Attribute is a word that has been overloaded. Overloading is not just an object oriented programming technique. It's also something that happens to ordinary words when you're trying to figure out how to use a sophisticated development environment like VB.NET. Depending on your previous experience, you might have run into attributes before. In VB.NET, it's a feature that you'll see more frequently as you learn advanced programming techniques.
Just to make sure that you understand what this article is about, let's look what the article is not about first to get it out of the way. You might have a background in XML or HTML. In those languages, an attribute is a "modifier of an element". For example, consider this HTML anchor tag:
<a href="http://visualbasic.about.com/index.htm">About Visual Basic</a>
href is an HTML attribute of the anchor tag element named a.
Although the concept is similar, this article is not about XML or HTML attributes. Instead, this article explains how to use attributes in VB.NET code to "declare" information or processing that is saved with the code definition. You might see other articles that say attributes add "a declarative dimension to designing and writing software". I'll explain just what that means.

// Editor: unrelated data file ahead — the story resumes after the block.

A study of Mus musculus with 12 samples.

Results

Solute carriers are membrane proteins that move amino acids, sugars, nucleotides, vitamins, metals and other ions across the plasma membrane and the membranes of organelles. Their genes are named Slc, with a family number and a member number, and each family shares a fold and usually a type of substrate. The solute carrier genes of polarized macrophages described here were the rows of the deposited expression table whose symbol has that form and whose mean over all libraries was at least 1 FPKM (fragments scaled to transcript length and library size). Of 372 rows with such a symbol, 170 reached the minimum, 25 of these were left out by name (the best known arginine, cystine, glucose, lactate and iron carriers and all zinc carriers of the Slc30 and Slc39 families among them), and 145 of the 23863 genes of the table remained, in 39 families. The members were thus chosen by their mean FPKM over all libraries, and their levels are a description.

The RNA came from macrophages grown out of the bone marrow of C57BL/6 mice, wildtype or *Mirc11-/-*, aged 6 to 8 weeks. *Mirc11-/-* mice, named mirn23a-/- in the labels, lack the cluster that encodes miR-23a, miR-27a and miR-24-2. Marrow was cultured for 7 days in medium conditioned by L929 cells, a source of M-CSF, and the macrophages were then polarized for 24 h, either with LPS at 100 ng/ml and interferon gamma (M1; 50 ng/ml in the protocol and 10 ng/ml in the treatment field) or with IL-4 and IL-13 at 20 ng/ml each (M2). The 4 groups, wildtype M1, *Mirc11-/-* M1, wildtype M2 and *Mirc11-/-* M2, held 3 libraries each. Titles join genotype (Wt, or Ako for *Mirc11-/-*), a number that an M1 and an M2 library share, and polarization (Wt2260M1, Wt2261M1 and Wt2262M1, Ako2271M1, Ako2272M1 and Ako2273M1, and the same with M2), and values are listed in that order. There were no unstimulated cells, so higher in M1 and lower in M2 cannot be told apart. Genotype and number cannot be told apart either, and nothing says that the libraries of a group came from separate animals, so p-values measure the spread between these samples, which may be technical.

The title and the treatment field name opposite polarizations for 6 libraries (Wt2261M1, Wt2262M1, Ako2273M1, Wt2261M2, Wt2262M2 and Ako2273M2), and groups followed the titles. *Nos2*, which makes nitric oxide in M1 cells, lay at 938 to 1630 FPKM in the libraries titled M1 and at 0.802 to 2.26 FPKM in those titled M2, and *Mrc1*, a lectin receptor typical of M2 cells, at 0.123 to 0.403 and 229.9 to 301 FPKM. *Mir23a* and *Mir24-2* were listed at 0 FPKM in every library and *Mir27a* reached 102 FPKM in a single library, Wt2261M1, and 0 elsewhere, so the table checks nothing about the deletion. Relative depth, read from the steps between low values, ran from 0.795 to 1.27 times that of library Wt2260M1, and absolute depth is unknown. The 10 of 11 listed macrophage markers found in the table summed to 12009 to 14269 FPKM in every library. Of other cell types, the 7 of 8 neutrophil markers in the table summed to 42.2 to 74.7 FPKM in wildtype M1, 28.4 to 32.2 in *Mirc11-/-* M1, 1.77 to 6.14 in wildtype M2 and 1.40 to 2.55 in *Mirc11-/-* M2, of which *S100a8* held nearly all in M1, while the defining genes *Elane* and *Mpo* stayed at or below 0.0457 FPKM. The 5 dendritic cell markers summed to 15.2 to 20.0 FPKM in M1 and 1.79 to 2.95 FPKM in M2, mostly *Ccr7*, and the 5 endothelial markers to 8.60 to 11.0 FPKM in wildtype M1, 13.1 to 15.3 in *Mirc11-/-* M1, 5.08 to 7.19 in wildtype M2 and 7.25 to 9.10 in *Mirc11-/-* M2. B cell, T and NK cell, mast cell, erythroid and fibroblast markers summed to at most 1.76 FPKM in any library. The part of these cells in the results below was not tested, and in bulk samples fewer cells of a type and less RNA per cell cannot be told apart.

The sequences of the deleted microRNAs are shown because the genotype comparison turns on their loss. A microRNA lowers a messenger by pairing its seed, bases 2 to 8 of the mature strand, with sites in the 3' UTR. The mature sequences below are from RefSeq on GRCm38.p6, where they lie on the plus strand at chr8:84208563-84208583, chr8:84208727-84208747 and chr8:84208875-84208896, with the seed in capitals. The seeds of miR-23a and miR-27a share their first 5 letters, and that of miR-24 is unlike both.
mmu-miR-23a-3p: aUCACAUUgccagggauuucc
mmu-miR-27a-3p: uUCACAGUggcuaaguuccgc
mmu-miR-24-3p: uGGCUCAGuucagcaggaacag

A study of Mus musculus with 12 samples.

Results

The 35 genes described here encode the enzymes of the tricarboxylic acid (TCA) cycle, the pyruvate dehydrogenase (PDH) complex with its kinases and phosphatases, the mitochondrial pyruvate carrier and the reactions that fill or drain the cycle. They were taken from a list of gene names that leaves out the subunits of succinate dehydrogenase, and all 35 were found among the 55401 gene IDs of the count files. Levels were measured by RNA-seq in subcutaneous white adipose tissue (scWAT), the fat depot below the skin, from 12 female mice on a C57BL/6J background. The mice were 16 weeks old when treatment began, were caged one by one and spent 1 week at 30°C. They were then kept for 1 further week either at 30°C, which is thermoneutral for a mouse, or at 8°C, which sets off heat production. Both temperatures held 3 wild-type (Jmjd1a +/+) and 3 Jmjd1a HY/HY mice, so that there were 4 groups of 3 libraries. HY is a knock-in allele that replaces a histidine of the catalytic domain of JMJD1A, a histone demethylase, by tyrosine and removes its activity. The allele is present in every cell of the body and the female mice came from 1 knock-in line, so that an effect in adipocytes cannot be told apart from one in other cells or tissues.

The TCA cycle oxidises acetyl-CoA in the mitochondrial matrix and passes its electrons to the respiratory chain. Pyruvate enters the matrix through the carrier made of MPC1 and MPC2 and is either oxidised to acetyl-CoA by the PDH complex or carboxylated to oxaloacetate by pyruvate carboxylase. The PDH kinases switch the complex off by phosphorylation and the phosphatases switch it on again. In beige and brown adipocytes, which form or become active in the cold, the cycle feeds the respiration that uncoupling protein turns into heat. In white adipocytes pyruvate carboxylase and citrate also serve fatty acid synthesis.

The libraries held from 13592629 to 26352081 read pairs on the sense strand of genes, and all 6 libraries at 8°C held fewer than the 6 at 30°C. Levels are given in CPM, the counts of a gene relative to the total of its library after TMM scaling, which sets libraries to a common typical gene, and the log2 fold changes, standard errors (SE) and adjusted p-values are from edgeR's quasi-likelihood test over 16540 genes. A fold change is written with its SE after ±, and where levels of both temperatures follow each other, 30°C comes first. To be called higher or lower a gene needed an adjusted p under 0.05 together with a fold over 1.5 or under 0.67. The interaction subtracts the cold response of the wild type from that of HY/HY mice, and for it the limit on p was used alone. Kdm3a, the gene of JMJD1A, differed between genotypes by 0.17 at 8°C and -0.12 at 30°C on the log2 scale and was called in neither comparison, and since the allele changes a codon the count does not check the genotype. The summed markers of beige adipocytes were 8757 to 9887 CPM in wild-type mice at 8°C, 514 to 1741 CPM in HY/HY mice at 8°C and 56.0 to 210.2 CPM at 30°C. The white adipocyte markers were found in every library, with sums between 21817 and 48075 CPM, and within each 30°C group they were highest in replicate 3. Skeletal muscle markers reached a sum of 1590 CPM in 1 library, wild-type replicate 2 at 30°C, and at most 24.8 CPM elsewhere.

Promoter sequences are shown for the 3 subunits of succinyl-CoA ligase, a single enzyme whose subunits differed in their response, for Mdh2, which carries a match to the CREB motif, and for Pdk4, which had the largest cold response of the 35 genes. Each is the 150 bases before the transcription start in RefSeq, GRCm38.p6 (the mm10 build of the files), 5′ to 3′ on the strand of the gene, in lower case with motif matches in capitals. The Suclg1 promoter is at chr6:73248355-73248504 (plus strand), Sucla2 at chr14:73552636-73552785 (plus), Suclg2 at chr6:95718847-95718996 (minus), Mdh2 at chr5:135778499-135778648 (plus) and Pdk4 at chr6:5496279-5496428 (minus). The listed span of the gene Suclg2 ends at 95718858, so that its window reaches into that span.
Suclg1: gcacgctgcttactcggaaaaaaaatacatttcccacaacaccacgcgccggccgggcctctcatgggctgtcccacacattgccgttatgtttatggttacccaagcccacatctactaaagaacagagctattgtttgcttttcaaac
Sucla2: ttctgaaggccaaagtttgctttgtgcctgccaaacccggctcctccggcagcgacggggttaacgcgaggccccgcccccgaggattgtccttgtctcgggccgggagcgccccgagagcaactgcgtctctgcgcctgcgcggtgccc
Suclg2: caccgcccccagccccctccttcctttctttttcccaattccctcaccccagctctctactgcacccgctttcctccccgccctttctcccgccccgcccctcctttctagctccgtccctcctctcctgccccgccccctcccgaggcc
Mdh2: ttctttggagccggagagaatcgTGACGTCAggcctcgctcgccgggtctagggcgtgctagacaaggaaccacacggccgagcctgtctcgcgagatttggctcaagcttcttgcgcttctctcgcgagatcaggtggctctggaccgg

Here's the book description of VB.NET attributes straight from Microsoft:
Attributes are keyword-like tags in which you can specify additional information about entities defined in Visual Basic .NET applications. Attributes, which are saved with an assembly's metadata, annotate programming elements such as types, fields, methods, and properties.
Another definition ... maybe a little easier to understand ... is that an attribute is simply a class that inherits from System.Attribute. This one is short on detail but I'll start supplying that detail on the next page where we cover the two types of attributes in VB.NET: Predefined Attributes and Custom Attributes.